My doctor was 2 hours late, why does he think his time is more valuable than mine?
Oh its the worst, my doctor only talks to me for like 4 minutes. If she took more time, I might get better sooner…
Have you seen how doctors act in meetings, like they are the only ones who matter?
You have probably heard one or more statements like these. Maybe you seen them tweeted. Confession: maybe I’ve tweeted one or two of them too.
It has to stop. I’m going to stop doing it. And I’d like you to join me.
Doctors, as individuals, are among the most nobel, well-intended people I’ve worked with. They are scientists, who excelled in school and worked for years in post-graduate studies to get where they are. They chose medicine to care for people. None of them set out to make us wait, feel undignified or inferior.
And yet, particularly as healthcare continues to proliferate the main stream conversations in this country, it is open season on doctors.
In the words of Ice-T: Don’t hate the playa, hate the game.
The game, in this case, is the onion layers of processes and bureaucracies in our health delivery system. And like any flawed process built over time, its the front line fighters who take the brunt of the force.
Let’s look at wait times in physicians’ offices, as an example. Not every visit in a primary care office takes the same amount of time. A physical may take 45 minutes while a prescription refill may take only 10 minutes – I’m rounding, stick with me. So the staff set up blocks on the doctors’ schedules. Maybe they can have two physicals in the morning, followed by three prescription refill visits. What happens if one involves resecting an ingrown toenail, or something else time-consuming? If you are the doctor, do you stop on the clock and ask your patient to make another appointment? Or do you spend another 10 minutes with them? Then that med refill appointment turns into questions about a serious complication. Maybe it requires lab work. Pretty soon, your on-track morning is completely off the rails.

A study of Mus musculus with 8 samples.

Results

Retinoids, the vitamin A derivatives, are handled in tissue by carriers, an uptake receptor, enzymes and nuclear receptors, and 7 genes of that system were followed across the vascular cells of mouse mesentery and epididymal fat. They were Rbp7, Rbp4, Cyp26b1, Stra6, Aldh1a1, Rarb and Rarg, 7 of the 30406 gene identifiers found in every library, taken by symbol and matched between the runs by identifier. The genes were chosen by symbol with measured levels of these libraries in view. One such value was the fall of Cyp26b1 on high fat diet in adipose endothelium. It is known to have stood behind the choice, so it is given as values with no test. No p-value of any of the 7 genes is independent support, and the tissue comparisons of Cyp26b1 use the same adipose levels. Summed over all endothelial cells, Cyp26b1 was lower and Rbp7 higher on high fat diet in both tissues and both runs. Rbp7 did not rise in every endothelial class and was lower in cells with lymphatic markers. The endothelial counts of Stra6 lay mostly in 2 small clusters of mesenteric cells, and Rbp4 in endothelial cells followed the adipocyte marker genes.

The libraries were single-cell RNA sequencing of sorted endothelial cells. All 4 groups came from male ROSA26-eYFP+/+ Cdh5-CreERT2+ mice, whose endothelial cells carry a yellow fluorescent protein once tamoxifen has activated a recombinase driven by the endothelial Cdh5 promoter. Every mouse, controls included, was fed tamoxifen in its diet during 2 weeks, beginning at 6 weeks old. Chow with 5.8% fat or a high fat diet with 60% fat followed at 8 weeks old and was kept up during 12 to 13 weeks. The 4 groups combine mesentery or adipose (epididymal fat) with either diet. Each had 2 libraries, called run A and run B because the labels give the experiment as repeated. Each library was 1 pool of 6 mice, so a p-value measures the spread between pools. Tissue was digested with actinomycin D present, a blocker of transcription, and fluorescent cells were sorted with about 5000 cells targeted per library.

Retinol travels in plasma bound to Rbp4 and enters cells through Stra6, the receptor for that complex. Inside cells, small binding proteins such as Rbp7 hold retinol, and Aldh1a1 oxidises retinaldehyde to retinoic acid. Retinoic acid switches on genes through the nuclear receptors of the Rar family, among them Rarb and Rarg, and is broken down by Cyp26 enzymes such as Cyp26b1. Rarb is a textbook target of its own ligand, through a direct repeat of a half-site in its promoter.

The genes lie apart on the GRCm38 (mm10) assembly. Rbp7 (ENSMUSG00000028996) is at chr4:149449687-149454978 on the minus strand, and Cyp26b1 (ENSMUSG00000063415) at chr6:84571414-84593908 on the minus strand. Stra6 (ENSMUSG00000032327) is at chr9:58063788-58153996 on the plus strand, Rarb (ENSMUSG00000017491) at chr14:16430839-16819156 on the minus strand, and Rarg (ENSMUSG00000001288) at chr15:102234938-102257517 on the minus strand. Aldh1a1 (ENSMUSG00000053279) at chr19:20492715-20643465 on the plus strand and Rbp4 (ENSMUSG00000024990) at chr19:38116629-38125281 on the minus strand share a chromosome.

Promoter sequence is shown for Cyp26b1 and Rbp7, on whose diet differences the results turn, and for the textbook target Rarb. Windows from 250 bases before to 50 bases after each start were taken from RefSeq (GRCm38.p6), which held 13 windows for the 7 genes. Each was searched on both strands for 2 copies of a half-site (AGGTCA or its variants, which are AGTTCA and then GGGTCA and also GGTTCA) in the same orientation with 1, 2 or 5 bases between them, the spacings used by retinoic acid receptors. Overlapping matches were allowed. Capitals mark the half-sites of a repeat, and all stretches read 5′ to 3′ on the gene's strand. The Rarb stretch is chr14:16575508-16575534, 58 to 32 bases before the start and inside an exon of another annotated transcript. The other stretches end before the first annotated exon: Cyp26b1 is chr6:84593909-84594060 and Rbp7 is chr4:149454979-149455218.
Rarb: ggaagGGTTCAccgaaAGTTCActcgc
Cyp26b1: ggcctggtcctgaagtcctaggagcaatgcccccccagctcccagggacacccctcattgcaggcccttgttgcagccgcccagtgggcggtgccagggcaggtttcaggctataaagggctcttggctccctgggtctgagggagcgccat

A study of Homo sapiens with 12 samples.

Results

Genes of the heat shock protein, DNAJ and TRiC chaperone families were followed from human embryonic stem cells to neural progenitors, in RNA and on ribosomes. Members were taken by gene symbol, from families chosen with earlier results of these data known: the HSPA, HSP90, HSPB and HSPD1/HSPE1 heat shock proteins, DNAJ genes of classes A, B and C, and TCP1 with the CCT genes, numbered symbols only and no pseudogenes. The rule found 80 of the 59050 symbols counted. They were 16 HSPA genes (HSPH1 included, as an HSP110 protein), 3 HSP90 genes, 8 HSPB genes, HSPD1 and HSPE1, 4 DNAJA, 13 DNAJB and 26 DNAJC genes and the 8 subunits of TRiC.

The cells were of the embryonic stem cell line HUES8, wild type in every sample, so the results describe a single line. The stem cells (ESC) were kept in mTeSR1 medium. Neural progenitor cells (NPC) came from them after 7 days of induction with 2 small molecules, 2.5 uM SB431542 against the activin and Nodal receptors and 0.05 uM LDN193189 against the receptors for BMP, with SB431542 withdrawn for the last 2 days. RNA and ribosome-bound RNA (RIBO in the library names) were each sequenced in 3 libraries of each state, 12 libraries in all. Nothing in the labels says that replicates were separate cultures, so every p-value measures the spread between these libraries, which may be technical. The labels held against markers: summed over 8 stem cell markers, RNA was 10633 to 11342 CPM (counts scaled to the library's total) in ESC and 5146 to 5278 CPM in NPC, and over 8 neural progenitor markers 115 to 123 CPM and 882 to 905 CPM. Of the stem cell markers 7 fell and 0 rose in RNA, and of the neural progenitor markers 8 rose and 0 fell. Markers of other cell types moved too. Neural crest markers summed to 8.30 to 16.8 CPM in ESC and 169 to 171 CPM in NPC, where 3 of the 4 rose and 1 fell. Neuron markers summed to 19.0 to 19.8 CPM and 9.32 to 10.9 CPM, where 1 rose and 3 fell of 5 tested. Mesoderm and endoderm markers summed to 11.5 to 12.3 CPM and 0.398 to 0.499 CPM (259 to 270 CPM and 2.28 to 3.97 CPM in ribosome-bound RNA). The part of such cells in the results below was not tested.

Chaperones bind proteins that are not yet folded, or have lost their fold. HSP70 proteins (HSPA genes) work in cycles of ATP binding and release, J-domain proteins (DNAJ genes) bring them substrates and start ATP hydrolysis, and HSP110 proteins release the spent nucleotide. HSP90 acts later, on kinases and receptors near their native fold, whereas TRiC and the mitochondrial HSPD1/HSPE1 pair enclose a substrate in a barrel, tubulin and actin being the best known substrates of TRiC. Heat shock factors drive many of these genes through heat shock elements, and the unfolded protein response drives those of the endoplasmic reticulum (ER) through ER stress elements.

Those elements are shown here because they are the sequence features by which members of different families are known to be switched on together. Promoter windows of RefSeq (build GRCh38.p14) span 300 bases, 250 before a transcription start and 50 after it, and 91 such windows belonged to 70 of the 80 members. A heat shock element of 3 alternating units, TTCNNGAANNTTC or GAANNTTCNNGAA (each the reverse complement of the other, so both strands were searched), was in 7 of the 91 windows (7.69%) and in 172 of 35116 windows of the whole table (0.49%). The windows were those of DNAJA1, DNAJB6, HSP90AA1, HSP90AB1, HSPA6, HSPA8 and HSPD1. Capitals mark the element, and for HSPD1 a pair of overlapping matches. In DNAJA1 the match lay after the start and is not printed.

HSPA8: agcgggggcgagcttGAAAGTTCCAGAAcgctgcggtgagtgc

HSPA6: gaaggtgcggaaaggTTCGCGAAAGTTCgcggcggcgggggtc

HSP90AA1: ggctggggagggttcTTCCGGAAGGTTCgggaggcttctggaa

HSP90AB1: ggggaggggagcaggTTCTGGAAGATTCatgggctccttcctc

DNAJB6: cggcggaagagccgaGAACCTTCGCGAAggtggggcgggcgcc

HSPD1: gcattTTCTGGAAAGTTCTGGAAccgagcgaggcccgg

Is that the physician’s fault? Is the the fault of the person scheduling the appointment? What about the staff, and nurses?
Or is it a process problem which has been so broken for so long that no one really knows how to diagnose it, let alone fix it?
I won’t belabor other process examples, although they are many – 4 A.M. blood draws, access to test results, long waits in the ER. Even with the example of office wait times, some will propose simple solutions – send text updates if the office is running late, or call patients before they leave work or home. Those are worthwhile suggestions and the kind of thinking we need to embrace.
But, before we can embrace solutions, we have to stop regarding providers as the enemy. We have to think of them as partners, who also suffer through flawed processes. (How many doctors left graduate medical school feeling prepared to run a business and be an employee manager?)
So, here’s my reminder to myself —I’m asking you all to help hold me accountable: its rarely one person’s fault. Most people, doctors included, are well intentioned. Even us administrative types have hearts. We all chose healthcare because we want to make things better.
From now on, when we have the urge to blame a doc, let’s think about root causes and what we all might do to fix them. I’ll bet everyone will be happier as a result.
Meanwhile, on the internet….
As I was drafting this post, two articles came to my attention today, from different sources. Both of the articles are relevant to this discussion.
Writing on KevinMD.Com, Carla J. Rotering, MD posts: Doctor Bashing has Become a National Sport: How to Stop it.
… many physicians today are demoralized because they have less time with patients, more demands and requirements, mounting stress and declining reimbursement, exacting public scrutiny, and a climate of negativity.
The article is worth our time and consideration. Rotering points out how a few bad apples —they are out there in any profession —spoil the bunch.
Here is Dr. Rotering’s closing statement:
Physicians need to proactively market themselves as the caring, highly-skilled professionals that we are. We can reduce the bad rap by aggressively making the truth known to patients, decision-makers and opinion-makers.
As an alternative, I suggest we ask: how might we identify root causes which inhibit us from demonstrating care, skill and professionalism in our actions? But then again, I’m kinda strange.
Also writing for KevinMD.Cm, Sarah Stein, MD offers: Your Doctor’s a Jerk: Professionalism Extends to the community
Being professional and focused is not about you, it’s about the work you do, and all of the support staff and patients and families who rely upon you to give direction and compassion. And it extends into your community.
Dr. Stein is writing about how a particular physician-in-training conducted himself outside of his professional setting. There are strong parallels to this discussion.